An Ordinary Man

Today would have been my Dad’s ninetieth birthday. He was eighty-six when he died, a good age as they say, and at least a decade older than either his father or his grandfather.

Nan and Grandad with Socca the golden retriever sometime in the late 1940s

Nan and Granddad with Socca the golden retriever sometime in the late 1940s

He was born in 1925 to William (always called Bill) and Lucy Ellen (always know as Mum, or Nan, or Nell – in fact I did not learn her full name until after she had died). For the first couple of year’s of his life, Dad lived in a small cottage on Crimp Hill Road, but by dint of saving and scrimping granddad acquired the wherewithal to buy a brand new semi-detached house on Straight Road, named Rosebank. This house had a long narrow garden, where granddad grew vegetables, three bedrooms, a parlour and a Sunday best sitting room that no-one ever went into! The house cost £370 in 1928.

Aged 3 years

Aged 3 years

Granddad worked for the Post Office erecting telegraph poles, Nan preserved the fruit and vegetables from the garden, made jam, chutneys, and the most delicious cakes, all in a tiny galley kitchen that would fit into my own kitchen five times over! I especially remember her lardy cake, spicy bread pudding, and my favourite Victoria sponge.

Mum and Dad on their wedding day

Dad was not academic, but he was technically minded, and in his teens he studied to become a draughtsman for small instrument manufacture. He was taken on as an apprentice by Hawker Aviation, and since he was in a reserved occupation did not serve during the Second World War, instead he worked on the Hurricane plane. In 1945, he was called up to National Service and, like his father before him, served in the Royal Signals in the immediate aftermath of the war. After demob in 1947 he went to work at the tank factory on Chobham Common, where he met my Mum.

I never asked him why he switched careers from designing instruments for military machines to watchmaking, but around the time of his marriage in 1951 he went back to college to learn watchmaking and was afterwards taken on by Dysons of Windsor, a well respected local jewellers, as their in-house watch repairer. He worked for them until 1968 when they finally closed their workshops and helped him set up as self-employed in the garden shed. He became well known in the village, and beyond, and there was a steady stream of work in the years that followed. Dysons continued to supply him with their repair intake, but his reputation was such that he had plenty of other work. He told me that Michael Caine’s chauffeur had brought watches to be repaired on a couple of occasions! And that the odd royal watch had passed through his hands. He treated them all the same.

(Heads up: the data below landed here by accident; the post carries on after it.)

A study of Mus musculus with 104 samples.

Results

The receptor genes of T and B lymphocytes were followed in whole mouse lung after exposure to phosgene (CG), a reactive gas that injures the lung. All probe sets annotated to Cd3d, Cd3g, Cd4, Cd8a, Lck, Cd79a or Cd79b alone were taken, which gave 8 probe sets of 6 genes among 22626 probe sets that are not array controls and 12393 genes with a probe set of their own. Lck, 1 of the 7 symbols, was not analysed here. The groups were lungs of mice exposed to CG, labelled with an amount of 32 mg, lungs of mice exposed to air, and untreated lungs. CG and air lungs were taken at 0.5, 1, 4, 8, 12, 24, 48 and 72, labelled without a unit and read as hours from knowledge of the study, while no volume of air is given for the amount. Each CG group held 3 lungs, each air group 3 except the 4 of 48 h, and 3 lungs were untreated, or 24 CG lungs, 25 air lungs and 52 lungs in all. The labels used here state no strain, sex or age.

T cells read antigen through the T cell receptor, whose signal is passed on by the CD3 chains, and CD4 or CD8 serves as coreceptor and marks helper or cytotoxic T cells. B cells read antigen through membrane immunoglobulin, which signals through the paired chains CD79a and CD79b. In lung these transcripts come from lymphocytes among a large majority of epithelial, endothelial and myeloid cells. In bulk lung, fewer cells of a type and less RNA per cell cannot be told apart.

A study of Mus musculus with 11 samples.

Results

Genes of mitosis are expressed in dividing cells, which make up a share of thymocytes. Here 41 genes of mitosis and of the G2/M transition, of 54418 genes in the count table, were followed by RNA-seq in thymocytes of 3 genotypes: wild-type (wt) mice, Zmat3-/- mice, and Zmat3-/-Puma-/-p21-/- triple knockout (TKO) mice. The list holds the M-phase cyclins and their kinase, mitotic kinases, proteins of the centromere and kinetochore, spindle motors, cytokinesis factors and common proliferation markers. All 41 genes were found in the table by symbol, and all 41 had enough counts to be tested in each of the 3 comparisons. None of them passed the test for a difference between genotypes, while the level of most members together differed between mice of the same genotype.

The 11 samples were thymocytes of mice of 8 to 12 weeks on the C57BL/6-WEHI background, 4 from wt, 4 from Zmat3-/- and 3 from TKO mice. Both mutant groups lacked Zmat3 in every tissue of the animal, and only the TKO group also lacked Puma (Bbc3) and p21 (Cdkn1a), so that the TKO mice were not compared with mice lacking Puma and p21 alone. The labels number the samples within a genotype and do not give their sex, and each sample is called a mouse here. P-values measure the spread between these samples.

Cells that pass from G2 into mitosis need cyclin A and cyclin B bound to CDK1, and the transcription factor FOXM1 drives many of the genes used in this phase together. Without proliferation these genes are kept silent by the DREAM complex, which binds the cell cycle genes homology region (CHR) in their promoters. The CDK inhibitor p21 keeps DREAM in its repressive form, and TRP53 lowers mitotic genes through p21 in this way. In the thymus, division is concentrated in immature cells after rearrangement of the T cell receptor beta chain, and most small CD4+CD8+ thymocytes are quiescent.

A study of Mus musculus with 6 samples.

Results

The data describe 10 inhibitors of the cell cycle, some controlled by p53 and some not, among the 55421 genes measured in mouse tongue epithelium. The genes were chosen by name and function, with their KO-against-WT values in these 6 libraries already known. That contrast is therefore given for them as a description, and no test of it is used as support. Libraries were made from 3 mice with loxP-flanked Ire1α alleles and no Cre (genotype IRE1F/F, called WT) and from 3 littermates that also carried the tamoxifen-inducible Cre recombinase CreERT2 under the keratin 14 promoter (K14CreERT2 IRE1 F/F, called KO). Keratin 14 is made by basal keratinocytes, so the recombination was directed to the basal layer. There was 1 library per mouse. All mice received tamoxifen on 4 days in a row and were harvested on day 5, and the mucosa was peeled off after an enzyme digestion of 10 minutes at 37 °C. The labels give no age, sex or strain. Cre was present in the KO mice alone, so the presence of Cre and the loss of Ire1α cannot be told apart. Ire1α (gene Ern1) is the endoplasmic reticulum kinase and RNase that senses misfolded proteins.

In the army, 1946

In the army, 1946

By this time, we had moved back to live in my grandparents house, they having found it too much to look after and having moved into a ground floor flat in the village near to my Aunt. Dad remodelled the garden, removed the lovely Victoria Plum tree that had been damaged by lightning, and turned much of granddad’s vegetable garden to lawn. Weekends were spent digging a pond, mowing the lawn, walking the dog, tending tomatoes in the greenhouse, much like millions of other people. As well as dogs, Dad liked keeping fish – the pond in the garden was for goldfish – and the birds my Mum loved, such as canaries and zebra finches. He was good with wild creatures, befriending an injured jackdaw, and adopting other birds that no one else wanted, such as the Silkie cockerel Chicko and his sister’s budgie Freddie.

Just as he was about to retire and enjoy a well-earned rest, he instead spent a year caring for my Mum during her last illness, so he never got to experience the sightseeing, the country walks, the quiet companionship, all the things that they had promised themselves they would do once he retired.

He lived a further seventeen years in the house granddad had bought for £370 until age and ill health forced him to move to a bungalow. The day he left the old house where he had lived for almost his entire life, I remember he turned the key in the lock and walked down the path without a last glance back.

So, today would have been his ninetieth birthday. His was a quiet life, no great deeds, nothing really to be remembered. Eighty-six years as a son, husband, father, draughtsman, watchmaker. An ordinary man living an ordinary life. Happy birthday, Dad.